We probably don’t think a great deal about our furniture choices. I know that I tend to just buy whatever looks pretty, seems functional and fits my budget. That usually means a trip to a few showrooms and big warehouse stores, like Ikea.
But we have a responsibility to the planet. We can do better. There are three major ways that our furniture can help the environment:
- Purchase used and/or recycled furniture and extends the lifecycle of precious materials.
- Source furniture that is free of environmentally unsustainable products.
- Choose furniture that doesn’t require electricity – opting for manual transitioning.
By investing in environmentally sustainable, high-qualify furniture, you’ll be able to pass down items from generation to generation. This will save your heirs on the cost of furnishing their own home, and help to protect the environment from wasteful fad furniture that only lasts a season or two.
Natural and Recycled Furniture Materials
If you absolutely love the look of wood furniture, search for environmentally sustainable products. For example, locally sourced wood or bamboo can easily be replenished without requiring excessive international harvesting of precious woods that harm the environment.
Sustainable wood products are only sourced from companies and locations that have the ability to quickly replace harvested wood – providing a responsible resource for generations of manufacturers and consumers.
Recycled furniture can either be a gently used item from someone else’s home, or a new piece of furniture that’s been used from reclaimed sources. You’ve probably seen examples of this at your local park – cities are increasingly using recycled materials to create benches and picnic tables.
But recycled materials don’t have to feel rough or rustic. Items made from recycled wood are readily available for order online or in-store. And believe it or not, electronic waste can be reclaimed and crafted into beautiful pieces of modern furniture.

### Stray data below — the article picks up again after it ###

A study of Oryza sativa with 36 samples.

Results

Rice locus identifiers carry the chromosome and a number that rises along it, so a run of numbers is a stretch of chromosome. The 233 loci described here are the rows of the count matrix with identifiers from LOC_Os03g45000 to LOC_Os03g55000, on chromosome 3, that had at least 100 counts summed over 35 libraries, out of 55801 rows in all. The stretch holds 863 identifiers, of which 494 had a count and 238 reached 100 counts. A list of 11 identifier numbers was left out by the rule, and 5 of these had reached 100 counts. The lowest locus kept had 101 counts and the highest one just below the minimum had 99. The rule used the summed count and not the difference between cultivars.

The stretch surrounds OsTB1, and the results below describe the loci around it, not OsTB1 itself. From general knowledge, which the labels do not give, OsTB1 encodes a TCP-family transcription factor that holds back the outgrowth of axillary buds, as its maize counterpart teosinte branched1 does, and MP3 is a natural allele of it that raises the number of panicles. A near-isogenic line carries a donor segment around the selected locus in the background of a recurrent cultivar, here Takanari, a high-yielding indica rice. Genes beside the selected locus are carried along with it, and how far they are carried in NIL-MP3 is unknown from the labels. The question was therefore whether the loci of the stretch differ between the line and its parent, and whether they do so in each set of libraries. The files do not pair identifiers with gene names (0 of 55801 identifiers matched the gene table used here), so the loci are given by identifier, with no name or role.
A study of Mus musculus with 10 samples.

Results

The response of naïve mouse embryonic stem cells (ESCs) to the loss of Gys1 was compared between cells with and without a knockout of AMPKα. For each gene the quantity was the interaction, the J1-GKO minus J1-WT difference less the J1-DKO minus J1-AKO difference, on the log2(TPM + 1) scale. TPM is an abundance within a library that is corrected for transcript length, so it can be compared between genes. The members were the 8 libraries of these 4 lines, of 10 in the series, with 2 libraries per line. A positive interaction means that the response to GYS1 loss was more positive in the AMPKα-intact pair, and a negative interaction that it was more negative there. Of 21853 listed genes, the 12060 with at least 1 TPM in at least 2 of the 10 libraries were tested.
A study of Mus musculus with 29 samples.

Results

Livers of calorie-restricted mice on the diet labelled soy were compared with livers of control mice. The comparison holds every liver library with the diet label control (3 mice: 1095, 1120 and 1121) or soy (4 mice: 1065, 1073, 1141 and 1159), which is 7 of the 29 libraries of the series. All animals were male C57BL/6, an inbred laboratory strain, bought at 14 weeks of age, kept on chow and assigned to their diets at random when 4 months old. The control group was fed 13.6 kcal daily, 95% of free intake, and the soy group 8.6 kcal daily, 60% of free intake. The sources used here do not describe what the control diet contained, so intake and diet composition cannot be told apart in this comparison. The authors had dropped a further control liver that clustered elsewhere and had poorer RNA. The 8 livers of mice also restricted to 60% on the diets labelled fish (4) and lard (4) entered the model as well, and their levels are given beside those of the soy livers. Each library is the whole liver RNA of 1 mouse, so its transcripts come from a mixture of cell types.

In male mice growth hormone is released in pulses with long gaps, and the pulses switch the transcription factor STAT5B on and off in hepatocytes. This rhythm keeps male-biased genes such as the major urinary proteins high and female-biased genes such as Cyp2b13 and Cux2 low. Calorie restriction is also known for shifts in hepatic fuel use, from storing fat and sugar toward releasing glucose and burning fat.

The only limitation on recycled furniture design is the imagination of the creator. If you want to do it yourself, check out this DIY recycled furniture pinterest board!
Avoid Harsh Chemicals that Harm the Environment
Did you know that many cushions are made of highly-flammable polyurethane? Furniture manufacturers help keep our butts out of the hot seat by treating the materials in cushions with fire-retardant toxins. Unfortunately this padding breaks down overtime and the dust is both toxic to humans and the environment.
There are multiple lines of eco-friendly furniture that avoid the use of flammable polyurethane – often substituting with organic cotton. Just understand that you’re going to be in for a bit of sticker shock – eco-friendly furniture, when purchased new from major brands, gets pricey.
If you can’t afford the pricetag, I recommend finding used furniture from the same product line. There are a ton of websites dedicated to helping eco-friendly consumers find used organic, responsibly sourced products – and that includes furniture.
You’ll also want to stay away from faux leather. Furniture made from pleather and other leather substitutes are heavily treated with chemicals. That’s never a win.
Hypo-allergenic stuffing, combine with traditional leather might be a decent compromise if you have to have the leather look to tie a room together. But be conscious of the fact that tanning is not an environmentally friendly process, so try to limit these materials in your design.
In conclusion, it’s up to you how crazy you want to go. I think that as long as you stay with used furniture, you’re on the right track – even if it isn’t environmentally perfect, it’s at least a sunk cost for the environment – the damage has been done and you’re extending its useful life. But I think the most important takeaway here is buy quality items that you can pass down to your next generation – if that means spending more on higher quality new items that are sustainably sourced, so be it.